Background: The cause of irritable bowel syndrome (IBS) is unknown. It may follow gastroenteritis and be associated with an abnormal gut flora and with food intolerance. Our study was designed to assess whether these factors were associated with colonic malfermentation.
Methods: We carried out a crossover controlled trial of a standard diet and an exclusion diet matched for macronutrients in six female IBS patients and six female controls. During the final 72 h on each diet, faecal excretion of fat, nitrogen, starch, and non-starch polysaccharide NSP was measured, and total excretion of hydrogen and methane collected over 24 h in a purpose-built 1.4 m3 whole-body calorimeter. Breath hydrogen and methane excretion were then measured for 3 h after 20 g oral lactulose.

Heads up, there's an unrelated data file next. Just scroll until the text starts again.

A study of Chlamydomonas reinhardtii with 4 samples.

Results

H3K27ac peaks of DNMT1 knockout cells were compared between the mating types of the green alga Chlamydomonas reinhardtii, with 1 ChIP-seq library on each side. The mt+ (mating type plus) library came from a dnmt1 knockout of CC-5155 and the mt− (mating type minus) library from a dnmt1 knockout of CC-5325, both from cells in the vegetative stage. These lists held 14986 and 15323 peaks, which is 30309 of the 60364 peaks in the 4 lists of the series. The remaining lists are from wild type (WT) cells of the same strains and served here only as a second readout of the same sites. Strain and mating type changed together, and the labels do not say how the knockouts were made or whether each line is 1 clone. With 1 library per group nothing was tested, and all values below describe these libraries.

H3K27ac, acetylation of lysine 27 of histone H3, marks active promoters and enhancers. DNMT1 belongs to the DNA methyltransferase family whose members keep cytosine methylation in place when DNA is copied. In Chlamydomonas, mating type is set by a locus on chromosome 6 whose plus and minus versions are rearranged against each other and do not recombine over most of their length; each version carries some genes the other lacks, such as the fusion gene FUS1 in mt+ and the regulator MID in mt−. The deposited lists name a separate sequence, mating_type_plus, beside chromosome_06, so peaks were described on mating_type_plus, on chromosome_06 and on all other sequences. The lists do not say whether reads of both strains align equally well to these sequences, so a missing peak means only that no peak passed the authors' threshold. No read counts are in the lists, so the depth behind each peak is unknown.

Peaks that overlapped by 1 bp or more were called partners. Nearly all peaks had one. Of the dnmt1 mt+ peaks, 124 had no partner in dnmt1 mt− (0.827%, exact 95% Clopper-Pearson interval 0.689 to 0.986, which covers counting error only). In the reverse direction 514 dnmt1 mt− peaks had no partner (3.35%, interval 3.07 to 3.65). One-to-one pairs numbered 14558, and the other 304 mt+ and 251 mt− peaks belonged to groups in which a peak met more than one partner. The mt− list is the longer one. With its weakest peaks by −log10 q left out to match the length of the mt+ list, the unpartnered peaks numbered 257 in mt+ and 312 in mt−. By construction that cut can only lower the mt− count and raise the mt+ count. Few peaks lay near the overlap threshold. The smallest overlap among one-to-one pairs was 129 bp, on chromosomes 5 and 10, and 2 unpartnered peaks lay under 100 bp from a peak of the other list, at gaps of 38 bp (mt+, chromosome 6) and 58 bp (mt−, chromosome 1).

Findings: The maximum rate of gas excretion was significantly greater in patients than in controls (2.4 mL/min IQR 1.7-2.6 vs 0.6, 0.4-1.1). Although total gas production in patients was not greater than in controls (median 527 mL/24 h IQR 387-660 vs 412, 234-507), hydrogen production was higher (332, 318-478 vs 162, 126-217, p=0.009). In patients, the exclusion diet reduced symptoms and produced a fall in maximum gas excretion (0.5 mL/min IQR 0.3-0.7). After lactulose, breath hydrogen was greater on the standard than on the exclusion diet.
Interpretation: Colonic-gas production, particularly of hydrogen, is greater in patients with IBS than in controls, and both symptoms and gas production are reduced by an exclusion diet. This reduction may be associated with alterations in the activity of hydrogen-consuming bacteria. Fermentation may be an important factor in the pathogenesis of IBS.